ESPN's Stephen A. Smith reacts to Carmelo Antony saying the Knicks can compete for a championship this season. (2:03)

WEST POINT, N.Y. -- If you’re looking for Carmelo Anthony to be a vocal leader this season, you might have misguided expectations.

“I lead in my own way,” Anthony said earlier this week. “I will speak up from time to time, but that’s just not who I am, that’s not my personality.”

Anthony's teammates say his leadership takes different forms.

He might not deliver a bombastic pregame speech or throw a locker room chair to motivate his teammates. But over several days in mid-August, teammates say Anthony showed the kind of leadership that might help the Knicks get through some of the rough patches of the grueling NBA season.

It happened in Puerto Rico, where Anthony invited teammates to join him for informal workouts and some team bonding several weeks before the start of training camp.

“That’s definitely leadership,” Lance Thomas, one of the Knicks in Puerto Rico for the workouts, said. “Him putting us in a position where we can start the season before the season starts is big time. Getting to know everybody on the squad, everybody becoming familiar with each other, it's important.”

Seven teammates and a few Knicks staffers joined for the workouts. (A few more showed up for Anthony’s annual charity weekend on the island days later.)

Workouts lasted for about 90 minutes a day. They included working on the triangle offense, some individual shooting and one-on-one, two-on-two and three-on-three drills.

The Knicks on hand spent the rest of the day hanging out.

“We were like a band of brothers out there,” Thomas said.

For Kevin Seraphin, Anthony’s minicamp was a chance to get to know some new faces.

“I didn’t know anyone, I just got here. Doing this kind of stuff, it made me more comfortable,” he said. “It was my first impression and it was great.”

Anthony has held a charity weekend in Puerto Rico for several years. But he'd never hosted workouts. He said he decided to put together the workout this summer to help all of the new acquisitions get acclimated to one another.

“I didn’t want to wait until now to try and get everybody on the same page. We’d be a little bit behind when it comes to that,” he said.

So what did he learn during the informal training sessions?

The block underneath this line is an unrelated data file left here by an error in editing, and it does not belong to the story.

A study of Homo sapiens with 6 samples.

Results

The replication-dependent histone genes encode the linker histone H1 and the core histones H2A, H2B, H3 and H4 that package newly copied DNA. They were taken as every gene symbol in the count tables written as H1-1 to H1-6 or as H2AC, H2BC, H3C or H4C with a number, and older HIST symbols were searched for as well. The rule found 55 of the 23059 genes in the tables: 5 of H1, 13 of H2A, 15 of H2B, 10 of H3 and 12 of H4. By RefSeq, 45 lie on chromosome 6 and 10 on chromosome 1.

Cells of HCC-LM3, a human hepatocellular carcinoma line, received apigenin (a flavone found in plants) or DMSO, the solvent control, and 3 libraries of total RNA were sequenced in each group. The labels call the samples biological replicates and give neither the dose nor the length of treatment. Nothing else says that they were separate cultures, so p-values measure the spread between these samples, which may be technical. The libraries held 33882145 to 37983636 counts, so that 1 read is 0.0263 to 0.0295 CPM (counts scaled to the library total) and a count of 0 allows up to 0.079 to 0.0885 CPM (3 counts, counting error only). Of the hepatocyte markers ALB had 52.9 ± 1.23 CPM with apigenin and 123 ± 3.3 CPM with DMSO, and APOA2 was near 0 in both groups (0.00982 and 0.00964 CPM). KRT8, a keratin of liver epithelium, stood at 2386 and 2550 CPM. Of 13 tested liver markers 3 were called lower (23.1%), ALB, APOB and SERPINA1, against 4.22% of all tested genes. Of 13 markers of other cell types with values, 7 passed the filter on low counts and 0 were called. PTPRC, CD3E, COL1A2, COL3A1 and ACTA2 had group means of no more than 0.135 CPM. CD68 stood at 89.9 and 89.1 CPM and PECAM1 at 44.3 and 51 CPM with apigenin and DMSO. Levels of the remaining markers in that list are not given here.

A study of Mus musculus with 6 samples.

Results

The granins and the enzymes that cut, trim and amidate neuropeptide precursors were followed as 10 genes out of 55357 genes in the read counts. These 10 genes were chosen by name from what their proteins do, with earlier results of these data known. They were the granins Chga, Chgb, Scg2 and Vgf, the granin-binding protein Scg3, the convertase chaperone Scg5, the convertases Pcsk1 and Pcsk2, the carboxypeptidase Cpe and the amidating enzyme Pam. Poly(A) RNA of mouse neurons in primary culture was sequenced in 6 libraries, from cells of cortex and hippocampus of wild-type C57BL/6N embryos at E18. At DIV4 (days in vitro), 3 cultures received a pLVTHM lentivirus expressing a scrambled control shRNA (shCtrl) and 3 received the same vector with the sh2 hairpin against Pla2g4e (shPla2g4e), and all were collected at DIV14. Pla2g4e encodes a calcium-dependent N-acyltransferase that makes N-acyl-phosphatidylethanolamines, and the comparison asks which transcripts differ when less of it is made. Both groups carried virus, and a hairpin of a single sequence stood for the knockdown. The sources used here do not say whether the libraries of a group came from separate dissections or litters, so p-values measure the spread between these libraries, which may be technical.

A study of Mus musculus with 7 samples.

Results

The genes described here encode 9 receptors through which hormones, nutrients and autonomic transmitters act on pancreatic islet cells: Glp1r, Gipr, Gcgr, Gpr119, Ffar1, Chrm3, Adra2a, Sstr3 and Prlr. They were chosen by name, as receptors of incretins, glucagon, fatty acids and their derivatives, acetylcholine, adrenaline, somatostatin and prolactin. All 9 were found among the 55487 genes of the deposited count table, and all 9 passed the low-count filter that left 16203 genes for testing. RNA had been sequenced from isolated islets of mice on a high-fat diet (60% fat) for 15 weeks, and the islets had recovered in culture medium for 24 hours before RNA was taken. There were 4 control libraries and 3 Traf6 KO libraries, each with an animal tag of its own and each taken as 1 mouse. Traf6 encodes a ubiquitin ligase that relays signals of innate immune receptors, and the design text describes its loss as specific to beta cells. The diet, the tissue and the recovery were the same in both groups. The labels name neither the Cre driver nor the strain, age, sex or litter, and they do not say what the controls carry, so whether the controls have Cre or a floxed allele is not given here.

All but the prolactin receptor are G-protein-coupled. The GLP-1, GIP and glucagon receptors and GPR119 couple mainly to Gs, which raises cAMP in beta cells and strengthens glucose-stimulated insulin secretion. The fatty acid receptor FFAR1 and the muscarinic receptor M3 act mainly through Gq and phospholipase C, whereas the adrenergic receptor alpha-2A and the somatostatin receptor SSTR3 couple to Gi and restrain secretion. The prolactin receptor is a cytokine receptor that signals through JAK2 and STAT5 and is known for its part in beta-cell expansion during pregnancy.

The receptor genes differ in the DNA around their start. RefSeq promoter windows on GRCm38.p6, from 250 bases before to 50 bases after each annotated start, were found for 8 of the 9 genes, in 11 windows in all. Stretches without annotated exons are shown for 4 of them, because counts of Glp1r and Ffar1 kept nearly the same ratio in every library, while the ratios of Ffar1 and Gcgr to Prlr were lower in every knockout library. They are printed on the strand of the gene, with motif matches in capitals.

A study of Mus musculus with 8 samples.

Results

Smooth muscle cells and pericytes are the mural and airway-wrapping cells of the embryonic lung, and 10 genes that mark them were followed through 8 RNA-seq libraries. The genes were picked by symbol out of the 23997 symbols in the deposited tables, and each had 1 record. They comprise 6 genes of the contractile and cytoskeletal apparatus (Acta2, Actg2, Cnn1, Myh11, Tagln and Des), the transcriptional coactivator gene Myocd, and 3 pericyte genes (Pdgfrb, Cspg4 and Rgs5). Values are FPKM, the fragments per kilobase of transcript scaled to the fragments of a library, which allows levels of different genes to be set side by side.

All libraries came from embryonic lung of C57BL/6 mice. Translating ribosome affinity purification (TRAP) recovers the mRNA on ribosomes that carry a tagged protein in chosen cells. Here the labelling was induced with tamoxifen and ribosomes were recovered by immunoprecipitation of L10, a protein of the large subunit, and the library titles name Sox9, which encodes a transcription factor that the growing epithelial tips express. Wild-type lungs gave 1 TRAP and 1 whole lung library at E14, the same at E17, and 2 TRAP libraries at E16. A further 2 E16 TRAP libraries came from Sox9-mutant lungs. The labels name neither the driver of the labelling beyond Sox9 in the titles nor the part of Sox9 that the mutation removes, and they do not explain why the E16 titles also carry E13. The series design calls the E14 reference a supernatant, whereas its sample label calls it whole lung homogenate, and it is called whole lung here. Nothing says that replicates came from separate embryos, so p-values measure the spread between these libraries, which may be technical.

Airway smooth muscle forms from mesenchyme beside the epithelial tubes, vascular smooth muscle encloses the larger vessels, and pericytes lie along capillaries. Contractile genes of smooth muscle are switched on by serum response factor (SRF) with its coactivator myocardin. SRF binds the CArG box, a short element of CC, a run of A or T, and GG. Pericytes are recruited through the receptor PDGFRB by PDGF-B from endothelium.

“I saw that guys were committed,” he said. “They could have been somewhere else or with family. For them to be there with me and working out and having fun and just enjoying that and kind of wanting to be around not just me, but other guys that were there, was a great feeling.”

The Knicks are expected to struggle this season. It’s hard to find an NBA observer who will predict a playoff appearance for New York. One Las Vegas sportsbook has the Knicks' over/under win total at 31.5.

So these August workouts won’t make up for any talent deficit that the Knicks face on a given night.

But players say that the bonding sessions can have a positive impact on the court.

“Anytime you can get together with guys off the court, it does something for chemistry,” says Kyle O'Quinn, who was in Puerto Rico for the weekend events. “Just having a regular conversation as far as, ‘Do you have kids? What’s your situation at home?’ It brings you a little closer to guys. You respect guys more, you see what guys are all about. It helps with chemistry because on the court you know, ‘Oh he didn’t really miss me [with a pass] because he wanted to miss me. He’s a good dude.’”

Lou Amundson, who lived through most of last season’s miserable 17-win campaign, agrees.

“It shows guys that you’re committed to it and committed to each other. That’s what it’s about,” he said. “It’s about trust and your commitment to one another. Stuff like that goes a long way to building a solid team.”

It’s way too early to tell if the Knicks have a solid team -- or even a competitive one. But a few days spent together in Puerto Rico helped build a little team chemistry.